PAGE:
Make Your Home Feel More Cohesive With Advice From Fix My Frankenhouse's Denese Butler

It is easy for your interior design to become a hodgepodge of furniture, patterns, and wallpaper. Everything might have looked complimentary on paper, but in reality, the carpet does not match the drapes. Disjointed designs are a common mistake homeowners make when renovating their space, and Denese Butler has seen her fair share of discombobulated houses. The "Fix My Frankenhouse" host reconfigures homes with funky layouts, structurally and style-wise. She knows how to solve the Rubix cubes of scrambled designs, and Butler reveals the secret to an integrated magazine-worthy space is all in the accents.

Without a married design, your home can feel erratic and more like a furniture store than your humble abode. According to Butler, the easiest way to make your home look more unified is to share one stylistic choice within every space. It will create balance and flow without compromising your unique taste or having the walls, ceilings, and everything in between appear cookie-cutter. For Butler, that common thread is your accent designs.

Use accent designs as your common thread

Denese Butler's style embraces contrast and surprise, but despite her bold looks, she still advocates for a design that blends around the entire house. "I do believe that it should feel cohesive," the HGTV star told Realtor. "Not only with the flow but just peppering in some consistency throughout." An art deco living room, rustic kitchen, and coastal bathroom can work if you pull it together with matching focal points. "Having yellow accent sprinkled around your space and each room, but not making it overpowering," Butler explained. "I think is the way to make spaces look cohesive."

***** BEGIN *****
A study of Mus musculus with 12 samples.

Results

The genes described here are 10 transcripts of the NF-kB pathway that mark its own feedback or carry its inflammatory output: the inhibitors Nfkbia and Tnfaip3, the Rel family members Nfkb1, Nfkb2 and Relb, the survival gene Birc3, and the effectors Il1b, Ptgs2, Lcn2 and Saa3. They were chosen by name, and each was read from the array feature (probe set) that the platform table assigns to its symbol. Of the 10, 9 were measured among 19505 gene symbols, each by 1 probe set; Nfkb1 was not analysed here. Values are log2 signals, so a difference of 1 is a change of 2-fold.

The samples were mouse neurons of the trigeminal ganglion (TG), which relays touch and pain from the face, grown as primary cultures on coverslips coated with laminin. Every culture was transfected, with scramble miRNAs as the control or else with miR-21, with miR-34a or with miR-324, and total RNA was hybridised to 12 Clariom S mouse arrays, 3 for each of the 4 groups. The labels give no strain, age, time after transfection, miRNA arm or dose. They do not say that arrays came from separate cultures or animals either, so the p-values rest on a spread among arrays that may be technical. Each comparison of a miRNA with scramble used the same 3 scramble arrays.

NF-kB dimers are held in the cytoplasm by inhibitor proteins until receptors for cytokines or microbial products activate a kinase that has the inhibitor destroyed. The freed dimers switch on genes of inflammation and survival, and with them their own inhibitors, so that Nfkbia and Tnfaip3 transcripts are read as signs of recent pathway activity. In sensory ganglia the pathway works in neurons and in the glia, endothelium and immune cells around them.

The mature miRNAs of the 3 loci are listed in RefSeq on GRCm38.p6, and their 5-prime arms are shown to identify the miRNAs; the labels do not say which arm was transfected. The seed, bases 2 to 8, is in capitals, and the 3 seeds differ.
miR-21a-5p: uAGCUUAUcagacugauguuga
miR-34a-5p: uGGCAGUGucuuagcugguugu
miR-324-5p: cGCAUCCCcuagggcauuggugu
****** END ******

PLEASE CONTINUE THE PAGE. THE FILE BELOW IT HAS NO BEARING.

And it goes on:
Color coordinating your rooms is a foolproof decor strategy, but it is not the only way to have consistency. Incorporating your favorite materials, prints, textures, and shapes creates a connected layout within your design blueprint. For instance, you can choose to incorporate copper in every room with cabinet handles, bathroom faucets, and hallway picture frames, or plaid with dining room chairs, bedroom pillows, and office curtains. The common thread will keep the flow and unity, even if there are drastic differences in each space.